A Bulgarian national was sentenced to serve ten years in prison after a major crypto-related fraud. Not long ago, the man was convicted in a transnational multimillion-dollar scheme to defraud over 900 American citizens.
An Auction Fraud That Victimized over 900 Americans
According to an official announcement by the United States Department of Justice, Rossen G. Yossifov, a 53-year-old man, had defrauded hundreds of American citizens during a well-masterminded illegal endeavor.
He managed and promoted the so-called RG Coins – a cryptocurrency exchange headquartered in Sofia, Bulgaria. Now, the US court has sentenced him for conspiracy to commit a Racketeer Influenced and Corrupt Organizations Act (RICO) offense plus a conspiracy to commit money laundering.
During the crime, Iossifov and his Romanian co-conspirators, part of the Alexandria Online Auction Fraud (AOAF) Network, engaged a large-scale online fraud. They organized a false auction that victimized at least 900 Americans during its course.
As CryptoPotato reported, Iossifov was officially charged with participating and dictating the international fraud a few months ago.
Providing Favorable Crypto Exchange Rates To Victims
According to initial court documents, the scammers made everything seem legit, providing invoices with trademarks of reputable firms to their victims.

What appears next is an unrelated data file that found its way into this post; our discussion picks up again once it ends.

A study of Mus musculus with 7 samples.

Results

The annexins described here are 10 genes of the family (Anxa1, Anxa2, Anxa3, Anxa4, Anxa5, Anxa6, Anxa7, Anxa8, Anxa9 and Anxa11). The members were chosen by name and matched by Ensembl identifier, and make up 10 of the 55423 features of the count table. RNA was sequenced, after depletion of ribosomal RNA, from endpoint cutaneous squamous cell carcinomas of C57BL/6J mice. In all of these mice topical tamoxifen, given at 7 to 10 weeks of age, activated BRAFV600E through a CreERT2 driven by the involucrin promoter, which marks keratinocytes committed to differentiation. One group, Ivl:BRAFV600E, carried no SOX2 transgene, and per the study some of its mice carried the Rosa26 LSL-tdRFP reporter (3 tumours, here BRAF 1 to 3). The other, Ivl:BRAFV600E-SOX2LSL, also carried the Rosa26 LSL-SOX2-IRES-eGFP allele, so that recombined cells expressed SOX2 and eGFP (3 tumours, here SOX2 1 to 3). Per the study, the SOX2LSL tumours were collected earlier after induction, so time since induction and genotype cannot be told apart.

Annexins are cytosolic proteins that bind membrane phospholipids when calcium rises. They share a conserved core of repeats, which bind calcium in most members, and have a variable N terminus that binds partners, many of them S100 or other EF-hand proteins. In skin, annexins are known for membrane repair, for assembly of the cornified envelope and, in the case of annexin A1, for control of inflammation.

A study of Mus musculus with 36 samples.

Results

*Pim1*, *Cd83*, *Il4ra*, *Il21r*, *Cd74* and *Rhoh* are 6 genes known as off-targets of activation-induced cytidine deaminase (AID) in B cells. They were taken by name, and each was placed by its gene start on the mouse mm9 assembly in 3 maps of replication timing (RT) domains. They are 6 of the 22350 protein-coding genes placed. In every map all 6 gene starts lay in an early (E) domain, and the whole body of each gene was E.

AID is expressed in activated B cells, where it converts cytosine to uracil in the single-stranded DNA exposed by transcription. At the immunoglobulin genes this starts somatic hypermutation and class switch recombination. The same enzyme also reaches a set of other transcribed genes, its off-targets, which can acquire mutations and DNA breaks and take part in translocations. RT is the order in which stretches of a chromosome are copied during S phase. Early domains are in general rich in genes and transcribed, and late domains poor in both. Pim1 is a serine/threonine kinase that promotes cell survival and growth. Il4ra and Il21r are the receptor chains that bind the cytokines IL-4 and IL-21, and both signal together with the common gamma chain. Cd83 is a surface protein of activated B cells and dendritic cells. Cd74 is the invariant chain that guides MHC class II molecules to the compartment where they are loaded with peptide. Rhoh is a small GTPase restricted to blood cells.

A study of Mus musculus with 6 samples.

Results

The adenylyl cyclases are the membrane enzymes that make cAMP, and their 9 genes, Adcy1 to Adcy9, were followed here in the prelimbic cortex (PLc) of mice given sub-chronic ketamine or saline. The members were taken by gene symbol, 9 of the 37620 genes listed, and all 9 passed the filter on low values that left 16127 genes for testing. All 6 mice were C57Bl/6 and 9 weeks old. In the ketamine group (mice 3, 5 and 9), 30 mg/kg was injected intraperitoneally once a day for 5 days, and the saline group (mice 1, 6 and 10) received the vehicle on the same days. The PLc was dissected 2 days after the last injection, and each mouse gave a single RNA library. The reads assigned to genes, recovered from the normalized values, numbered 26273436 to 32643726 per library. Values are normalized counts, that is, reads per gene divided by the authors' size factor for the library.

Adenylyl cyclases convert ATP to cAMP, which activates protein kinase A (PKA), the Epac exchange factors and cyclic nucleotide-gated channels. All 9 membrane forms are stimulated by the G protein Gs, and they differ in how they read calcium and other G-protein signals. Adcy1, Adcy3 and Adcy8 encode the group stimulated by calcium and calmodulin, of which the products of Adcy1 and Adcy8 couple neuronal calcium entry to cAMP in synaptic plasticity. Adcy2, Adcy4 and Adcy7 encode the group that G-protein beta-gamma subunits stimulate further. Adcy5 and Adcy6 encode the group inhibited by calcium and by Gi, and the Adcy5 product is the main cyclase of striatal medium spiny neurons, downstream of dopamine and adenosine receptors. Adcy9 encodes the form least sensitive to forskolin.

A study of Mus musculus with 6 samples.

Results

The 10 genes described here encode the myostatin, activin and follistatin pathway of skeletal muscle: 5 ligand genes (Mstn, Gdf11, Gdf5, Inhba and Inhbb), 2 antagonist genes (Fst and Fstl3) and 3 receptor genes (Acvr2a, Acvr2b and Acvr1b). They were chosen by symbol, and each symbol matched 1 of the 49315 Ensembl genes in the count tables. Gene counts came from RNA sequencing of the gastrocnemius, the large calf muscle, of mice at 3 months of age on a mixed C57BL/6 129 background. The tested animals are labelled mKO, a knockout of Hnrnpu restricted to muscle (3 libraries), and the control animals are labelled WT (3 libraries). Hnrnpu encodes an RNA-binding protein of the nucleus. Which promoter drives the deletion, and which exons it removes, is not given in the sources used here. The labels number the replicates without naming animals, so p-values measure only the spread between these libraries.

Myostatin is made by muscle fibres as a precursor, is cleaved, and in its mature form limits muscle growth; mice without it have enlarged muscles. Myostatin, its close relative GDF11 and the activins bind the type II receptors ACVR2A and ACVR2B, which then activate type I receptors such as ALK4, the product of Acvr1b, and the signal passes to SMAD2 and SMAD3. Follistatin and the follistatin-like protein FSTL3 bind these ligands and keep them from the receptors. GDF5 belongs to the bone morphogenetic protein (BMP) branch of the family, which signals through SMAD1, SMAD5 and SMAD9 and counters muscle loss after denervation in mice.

One of the primary ways to lure people into the scam was that the conspirators designed their scheme to cater to criminal enterprises by providing better exchange rates to the AOAF Network members.
The Romania-based fraudsters posted false advertisements to popularize online auctions for expensive goods and vehicles that did not exist. They had also established call centers to offer customer support to advise client questions and “alleviate concerns over the advertisements.”
When convinced, victims had to fulfill a payment. Domestic associates of the criminals would accept the money, convert them into cryptocurrency, and transfer them to foreign-based money launderers. As per the announcement, Iossifov was the final gear that facilitated the last stage of the scheme.
Some of the trial’s evidence revealed that, in less than three years, Iossifov had laundered nearly $5 million in cryptocurrency for just four of his partners.
“This represented over $7 million in funds defrauded from American victims. In return, Iossifov made over $184,000 in proceeds from these transactions”, read the official court publication.
Apart from Iossifov and the five co-operators, so far, 17 more members of the Romanian crime network will face court for their role in this scheme. Seven others have already faced sentences with verdicts between 30 to 96 months. Three of the members of the scam are fugitives.